Platinum market deficit set to evaporate in 2016: WPIC
The platinum market deficit will shrink this year, before moving into a small surplus in 2016 as supply from mining and recycling rises and investment falls, the World Platinum Investment Council said in a report.
While the WPIC does not forecast prices, a move back to near-balance could further pressure platinum, which has suffered a 30 per cent drop this year, putting it on track for its biggest annual retreat since 2008. Mine supply, which rose 20 per cent this year as output from major producer South Africa normalised after last year’s five-month miners’ strike, is expected to increase another 2 per cent in 2016, largely on the back of gains in Zimbabwe, the WPIC said in its Platinum Quarterly report.
A 19 per cent drop in investment demand, to 130,000 ounces from 160,000 ounces, will also feed into the move into a slight surplus of 5,000 ounces next year, the WPIC predicted. That will counterbalance slightly higher demand for platinum from carmakers — who use the metal in autocatalysts — jewellers, and industrial consumers. “The balance is interesting,” the WPIC’s Trevor Raymond said. “Above-ground stocks are at an all-time low…and there is a bunch of sensitivities in 2016, most of which seem to be to the upside. There are wage negotiations in South Africa, potential safety stoppages, the impact of the much lower capital expenditure, corporate ownership changes, and whether autocat scrap comes back. On the demand side, we think China is stronger than people assume.”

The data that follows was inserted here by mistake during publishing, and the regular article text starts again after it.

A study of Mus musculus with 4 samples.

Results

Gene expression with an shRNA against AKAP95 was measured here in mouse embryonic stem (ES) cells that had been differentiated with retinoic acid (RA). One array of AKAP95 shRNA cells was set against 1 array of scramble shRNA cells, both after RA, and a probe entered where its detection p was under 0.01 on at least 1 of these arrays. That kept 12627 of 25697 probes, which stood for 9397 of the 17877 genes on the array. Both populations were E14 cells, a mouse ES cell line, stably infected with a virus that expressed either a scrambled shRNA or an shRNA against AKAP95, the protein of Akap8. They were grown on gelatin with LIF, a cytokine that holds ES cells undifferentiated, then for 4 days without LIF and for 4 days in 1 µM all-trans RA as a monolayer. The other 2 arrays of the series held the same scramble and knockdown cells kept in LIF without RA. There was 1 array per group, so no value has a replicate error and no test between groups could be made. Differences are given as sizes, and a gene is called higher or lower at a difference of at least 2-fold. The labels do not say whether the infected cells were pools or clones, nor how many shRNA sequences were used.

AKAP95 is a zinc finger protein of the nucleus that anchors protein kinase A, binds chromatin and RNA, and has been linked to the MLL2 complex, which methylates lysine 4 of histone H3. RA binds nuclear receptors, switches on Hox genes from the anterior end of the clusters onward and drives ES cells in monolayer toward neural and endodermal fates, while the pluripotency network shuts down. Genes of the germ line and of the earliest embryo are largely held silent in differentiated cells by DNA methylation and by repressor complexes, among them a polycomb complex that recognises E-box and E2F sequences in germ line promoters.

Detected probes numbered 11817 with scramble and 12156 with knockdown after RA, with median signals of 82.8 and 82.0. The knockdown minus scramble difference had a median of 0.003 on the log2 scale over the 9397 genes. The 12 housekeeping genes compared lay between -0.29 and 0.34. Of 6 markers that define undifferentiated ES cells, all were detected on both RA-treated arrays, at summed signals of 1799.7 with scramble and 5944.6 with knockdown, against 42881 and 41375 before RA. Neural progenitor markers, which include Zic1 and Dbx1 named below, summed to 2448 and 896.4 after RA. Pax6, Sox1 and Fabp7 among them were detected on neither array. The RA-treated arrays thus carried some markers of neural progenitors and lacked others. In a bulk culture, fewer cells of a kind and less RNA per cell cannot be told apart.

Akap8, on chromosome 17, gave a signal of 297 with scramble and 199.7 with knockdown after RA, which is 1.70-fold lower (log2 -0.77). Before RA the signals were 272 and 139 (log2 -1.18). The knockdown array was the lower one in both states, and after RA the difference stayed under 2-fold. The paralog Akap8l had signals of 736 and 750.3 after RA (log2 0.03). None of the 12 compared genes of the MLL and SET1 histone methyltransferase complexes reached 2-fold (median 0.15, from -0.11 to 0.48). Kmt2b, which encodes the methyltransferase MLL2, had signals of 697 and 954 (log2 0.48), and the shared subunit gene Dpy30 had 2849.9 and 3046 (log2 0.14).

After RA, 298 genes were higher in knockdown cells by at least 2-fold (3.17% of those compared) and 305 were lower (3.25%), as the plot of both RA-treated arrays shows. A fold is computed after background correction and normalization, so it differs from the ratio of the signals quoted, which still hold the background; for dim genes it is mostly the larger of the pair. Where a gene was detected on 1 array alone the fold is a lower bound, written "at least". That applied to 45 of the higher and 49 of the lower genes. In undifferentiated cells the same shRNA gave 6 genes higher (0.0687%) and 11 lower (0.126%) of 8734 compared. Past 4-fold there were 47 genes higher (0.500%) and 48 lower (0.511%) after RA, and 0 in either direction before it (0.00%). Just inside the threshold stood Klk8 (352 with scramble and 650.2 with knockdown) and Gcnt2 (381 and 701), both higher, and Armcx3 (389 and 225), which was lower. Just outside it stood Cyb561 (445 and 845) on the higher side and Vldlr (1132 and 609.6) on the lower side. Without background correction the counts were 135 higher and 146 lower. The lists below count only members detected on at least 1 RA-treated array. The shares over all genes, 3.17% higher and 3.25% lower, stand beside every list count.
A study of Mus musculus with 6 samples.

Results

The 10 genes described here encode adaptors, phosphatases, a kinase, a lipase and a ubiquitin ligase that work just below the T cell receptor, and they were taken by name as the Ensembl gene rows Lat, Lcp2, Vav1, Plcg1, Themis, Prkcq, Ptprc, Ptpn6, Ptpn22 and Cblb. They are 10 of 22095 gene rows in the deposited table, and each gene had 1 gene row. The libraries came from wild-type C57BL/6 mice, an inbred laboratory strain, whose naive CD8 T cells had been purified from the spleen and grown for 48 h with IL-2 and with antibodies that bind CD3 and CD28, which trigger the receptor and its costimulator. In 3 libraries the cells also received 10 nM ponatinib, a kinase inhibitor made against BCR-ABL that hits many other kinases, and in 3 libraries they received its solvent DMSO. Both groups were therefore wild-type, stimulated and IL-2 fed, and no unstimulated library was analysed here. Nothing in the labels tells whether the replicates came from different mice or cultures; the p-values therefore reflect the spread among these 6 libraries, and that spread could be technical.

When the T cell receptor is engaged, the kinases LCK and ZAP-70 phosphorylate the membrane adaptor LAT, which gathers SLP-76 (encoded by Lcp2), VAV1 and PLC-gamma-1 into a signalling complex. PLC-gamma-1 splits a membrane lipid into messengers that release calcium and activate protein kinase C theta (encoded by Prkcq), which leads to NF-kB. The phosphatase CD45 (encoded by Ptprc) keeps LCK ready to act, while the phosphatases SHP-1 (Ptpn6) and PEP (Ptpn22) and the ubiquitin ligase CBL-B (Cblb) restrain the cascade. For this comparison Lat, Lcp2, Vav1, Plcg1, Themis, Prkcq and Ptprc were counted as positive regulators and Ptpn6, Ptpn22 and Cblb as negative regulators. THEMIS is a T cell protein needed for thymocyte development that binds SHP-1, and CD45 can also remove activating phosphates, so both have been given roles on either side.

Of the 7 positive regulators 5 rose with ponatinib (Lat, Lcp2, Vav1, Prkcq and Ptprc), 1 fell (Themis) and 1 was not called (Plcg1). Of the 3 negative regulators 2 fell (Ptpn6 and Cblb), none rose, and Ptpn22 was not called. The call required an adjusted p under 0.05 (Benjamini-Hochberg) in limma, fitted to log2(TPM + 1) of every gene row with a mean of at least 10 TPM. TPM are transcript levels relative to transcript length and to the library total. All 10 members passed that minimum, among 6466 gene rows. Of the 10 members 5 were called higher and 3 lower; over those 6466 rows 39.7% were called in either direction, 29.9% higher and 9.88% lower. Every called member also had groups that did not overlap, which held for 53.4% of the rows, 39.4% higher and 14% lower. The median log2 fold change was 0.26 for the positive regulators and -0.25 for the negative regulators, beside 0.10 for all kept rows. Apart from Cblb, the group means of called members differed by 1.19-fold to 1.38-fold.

In 2015 a drop in jewellery buying and rising mine supply has offset lower recycling and stronger automotive, investment and industrial demand to pull the market deficit back to 300,000 ounces, the WPIC forecast. In the third quarter the deficit expanded to 320,000 ounces from a surplus of 240,000 ounces a year before, though prices fell 16 per cent. They slid more than 10 per cent in September alone after the U.S. Environmental Protection Agency (EPA) said Volkswagen had cheated emissions tests on some of its diesel cars, sparking fears diesel sales could fall.
The WPIC said in its report that it assumes a limited impact on diesel auto sales, however, as consumer buying preferences do not appear to have been significantly affected so far. “While many commentators postulated that the scandal would inevitably mean a reduction in platinum demand, corresponding to fewer diesel cars, we do not agree,” it said. “We believe the consequences could include automaker, regulator and consumer actions that are as likely to lead to increases in automotive uses of platinum in the coming months and years.”